The Austin City Council is poised to extend its controversial COVID ordinance at a meeting this Thursday.

As Texas Scorecard first reported in July, the ordinance enables the City to fine residents up to $2,000 per violation of the city health department’s “reasonably necessary” administrative rules, which presumably would include mask mandates.

Indeed, in previous iterations of these restrictions, city officials have subjected citizens to mask requirements, travel restrictions, and gathering prohibitions at the peril of the aforementioned $2,000 fines and even up to six months in jail. In addition, the city has threatened businesses with civil lawsuits, fines, and blacklists for not following city hall’s laundry list of COVID rules, which have included requiring businesses to keep a contact log to track every customer that walks in their doors.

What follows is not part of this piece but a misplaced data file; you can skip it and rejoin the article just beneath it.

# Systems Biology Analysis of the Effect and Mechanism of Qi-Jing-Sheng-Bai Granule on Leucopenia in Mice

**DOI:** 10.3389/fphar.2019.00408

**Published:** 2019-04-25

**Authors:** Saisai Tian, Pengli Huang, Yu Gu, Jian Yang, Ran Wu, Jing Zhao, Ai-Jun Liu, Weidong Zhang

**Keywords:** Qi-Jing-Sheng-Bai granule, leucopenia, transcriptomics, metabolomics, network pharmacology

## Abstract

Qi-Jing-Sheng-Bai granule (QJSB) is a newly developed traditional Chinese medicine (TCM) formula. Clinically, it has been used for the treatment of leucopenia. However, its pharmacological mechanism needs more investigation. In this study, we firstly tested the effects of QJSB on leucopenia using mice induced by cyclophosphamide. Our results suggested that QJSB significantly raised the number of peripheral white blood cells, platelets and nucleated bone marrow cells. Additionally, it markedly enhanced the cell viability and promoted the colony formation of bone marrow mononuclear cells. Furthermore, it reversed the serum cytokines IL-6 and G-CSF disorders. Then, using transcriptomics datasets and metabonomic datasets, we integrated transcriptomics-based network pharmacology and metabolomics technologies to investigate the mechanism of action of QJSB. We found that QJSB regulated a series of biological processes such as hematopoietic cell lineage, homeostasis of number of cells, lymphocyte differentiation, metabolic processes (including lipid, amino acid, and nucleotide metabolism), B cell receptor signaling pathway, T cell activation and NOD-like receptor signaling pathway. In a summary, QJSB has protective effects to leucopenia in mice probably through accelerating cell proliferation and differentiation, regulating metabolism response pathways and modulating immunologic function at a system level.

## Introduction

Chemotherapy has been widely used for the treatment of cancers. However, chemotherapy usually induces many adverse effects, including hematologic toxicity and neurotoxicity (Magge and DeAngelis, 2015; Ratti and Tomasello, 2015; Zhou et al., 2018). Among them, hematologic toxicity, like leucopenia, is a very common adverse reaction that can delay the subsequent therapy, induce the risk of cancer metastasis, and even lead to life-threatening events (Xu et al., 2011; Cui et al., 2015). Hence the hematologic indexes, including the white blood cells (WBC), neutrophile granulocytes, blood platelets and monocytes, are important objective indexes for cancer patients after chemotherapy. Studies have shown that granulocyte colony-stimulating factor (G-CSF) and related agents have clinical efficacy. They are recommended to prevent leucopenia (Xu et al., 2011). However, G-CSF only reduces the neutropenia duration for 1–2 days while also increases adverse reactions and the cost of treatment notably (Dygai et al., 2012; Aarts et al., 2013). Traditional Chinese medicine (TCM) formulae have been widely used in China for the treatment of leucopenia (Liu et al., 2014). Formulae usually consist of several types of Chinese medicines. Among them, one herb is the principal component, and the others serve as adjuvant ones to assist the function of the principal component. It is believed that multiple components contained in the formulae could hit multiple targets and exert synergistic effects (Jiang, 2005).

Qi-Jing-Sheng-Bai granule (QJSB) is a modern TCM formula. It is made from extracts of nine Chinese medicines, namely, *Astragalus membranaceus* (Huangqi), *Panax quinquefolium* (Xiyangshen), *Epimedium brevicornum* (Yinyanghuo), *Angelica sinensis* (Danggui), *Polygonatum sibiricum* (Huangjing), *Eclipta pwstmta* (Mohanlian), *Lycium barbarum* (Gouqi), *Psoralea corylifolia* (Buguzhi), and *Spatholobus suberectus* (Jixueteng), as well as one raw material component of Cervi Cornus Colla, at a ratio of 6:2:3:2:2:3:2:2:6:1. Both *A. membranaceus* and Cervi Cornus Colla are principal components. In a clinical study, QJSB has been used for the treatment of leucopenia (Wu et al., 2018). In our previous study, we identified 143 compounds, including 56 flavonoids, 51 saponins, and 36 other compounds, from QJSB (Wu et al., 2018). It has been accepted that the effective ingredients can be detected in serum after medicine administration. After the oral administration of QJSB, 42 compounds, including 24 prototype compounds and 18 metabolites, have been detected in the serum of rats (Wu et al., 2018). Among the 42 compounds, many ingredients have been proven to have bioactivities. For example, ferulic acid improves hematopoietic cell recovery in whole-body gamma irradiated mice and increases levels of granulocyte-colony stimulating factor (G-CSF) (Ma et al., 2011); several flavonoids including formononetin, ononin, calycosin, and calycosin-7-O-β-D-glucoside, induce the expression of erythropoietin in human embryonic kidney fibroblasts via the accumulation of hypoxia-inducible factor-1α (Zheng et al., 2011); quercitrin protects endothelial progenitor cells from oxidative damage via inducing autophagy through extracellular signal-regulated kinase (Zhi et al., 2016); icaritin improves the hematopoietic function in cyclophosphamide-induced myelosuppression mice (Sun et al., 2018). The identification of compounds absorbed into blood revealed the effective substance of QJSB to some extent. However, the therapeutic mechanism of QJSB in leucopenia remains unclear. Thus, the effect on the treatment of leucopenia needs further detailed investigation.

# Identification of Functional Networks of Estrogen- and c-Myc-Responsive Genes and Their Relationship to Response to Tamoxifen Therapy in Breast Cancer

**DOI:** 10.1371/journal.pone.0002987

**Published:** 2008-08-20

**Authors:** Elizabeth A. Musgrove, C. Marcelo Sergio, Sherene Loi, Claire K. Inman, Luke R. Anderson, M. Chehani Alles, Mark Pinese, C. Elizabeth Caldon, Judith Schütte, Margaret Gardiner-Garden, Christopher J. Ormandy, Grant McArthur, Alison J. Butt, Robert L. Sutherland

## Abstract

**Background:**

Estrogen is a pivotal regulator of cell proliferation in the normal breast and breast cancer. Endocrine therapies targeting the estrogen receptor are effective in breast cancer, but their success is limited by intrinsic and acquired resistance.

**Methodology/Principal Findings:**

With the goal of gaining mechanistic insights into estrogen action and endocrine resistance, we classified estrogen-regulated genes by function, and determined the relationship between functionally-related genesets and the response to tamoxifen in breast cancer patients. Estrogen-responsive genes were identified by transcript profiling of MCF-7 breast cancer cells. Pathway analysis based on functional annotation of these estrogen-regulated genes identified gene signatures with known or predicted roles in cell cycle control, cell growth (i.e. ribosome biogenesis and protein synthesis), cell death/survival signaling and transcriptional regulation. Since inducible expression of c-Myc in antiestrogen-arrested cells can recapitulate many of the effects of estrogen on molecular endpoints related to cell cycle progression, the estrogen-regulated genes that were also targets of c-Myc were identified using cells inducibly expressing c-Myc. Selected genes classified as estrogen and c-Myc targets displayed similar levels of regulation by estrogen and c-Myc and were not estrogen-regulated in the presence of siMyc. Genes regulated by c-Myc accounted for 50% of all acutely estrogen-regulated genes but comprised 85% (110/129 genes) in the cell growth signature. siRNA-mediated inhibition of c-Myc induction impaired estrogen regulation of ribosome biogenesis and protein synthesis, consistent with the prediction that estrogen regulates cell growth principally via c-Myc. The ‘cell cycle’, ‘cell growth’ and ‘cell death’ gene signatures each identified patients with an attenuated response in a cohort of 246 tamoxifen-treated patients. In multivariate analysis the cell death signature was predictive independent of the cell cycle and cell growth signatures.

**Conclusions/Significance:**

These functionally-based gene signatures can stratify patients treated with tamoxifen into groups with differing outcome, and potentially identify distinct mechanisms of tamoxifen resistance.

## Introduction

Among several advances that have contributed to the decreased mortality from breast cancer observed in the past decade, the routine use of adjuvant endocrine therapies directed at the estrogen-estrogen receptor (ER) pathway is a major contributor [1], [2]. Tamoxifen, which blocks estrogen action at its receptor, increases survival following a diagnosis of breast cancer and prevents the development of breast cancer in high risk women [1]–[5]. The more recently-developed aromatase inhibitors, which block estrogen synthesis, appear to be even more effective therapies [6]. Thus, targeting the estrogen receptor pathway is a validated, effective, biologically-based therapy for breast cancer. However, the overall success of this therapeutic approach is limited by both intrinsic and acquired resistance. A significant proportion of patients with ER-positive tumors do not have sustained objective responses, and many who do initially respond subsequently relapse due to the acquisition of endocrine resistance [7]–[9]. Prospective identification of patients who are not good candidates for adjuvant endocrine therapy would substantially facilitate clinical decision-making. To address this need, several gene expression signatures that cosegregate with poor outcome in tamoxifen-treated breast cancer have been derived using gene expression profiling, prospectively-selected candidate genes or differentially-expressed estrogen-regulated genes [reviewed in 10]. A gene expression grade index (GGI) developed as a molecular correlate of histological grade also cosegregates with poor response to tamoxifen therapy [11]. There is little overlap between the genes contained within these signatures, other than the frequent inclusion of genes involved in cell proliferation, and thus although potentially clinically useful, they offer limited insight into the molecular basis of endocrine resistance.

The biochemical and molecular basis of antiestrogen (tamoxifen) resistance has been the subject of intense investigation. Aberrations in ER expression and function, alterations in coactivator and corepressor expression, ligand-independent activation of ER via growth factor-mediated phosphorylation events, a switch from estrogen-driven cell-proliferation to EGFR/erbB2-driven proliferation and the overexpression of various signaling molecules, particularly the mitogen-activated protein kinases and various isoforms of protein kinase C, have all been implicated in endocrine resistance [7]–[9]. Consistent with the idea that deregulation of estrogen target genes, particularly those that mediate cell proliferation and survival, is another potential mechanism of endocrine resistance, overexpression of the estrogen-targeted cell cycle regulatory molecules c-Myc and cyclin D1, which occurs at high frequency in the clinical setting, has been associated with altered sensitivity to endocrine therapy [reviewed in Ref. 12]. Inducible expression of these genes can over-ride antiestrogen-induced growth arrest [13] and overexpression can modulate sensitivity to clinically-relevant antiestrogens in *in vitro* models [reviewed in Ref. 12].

What is most troubling about these restrictions is that nobody in the public knows what’s coming next; the ordinance essentially gives the city health department a blank check of authority to adopt any “administrative rule” they deem “reasonably necessary.” At best, this level of uncertainty makes it impossible for businesses to plan.

U.S. Representative Chip Roy quickly denounced the city for extending their arbitrary rules and broad power:

In the months since its original enactment, the ordinance in question appears to have been sparsely enforced. Nevertheless, vague ordinances such as this are always ripe for selective enforcement based on political considerations.

Austinites concerned with this policy can contact their city council member.

Adam Cahn

Adam is a longtime conservative activist and an avid UT and Yankees fan.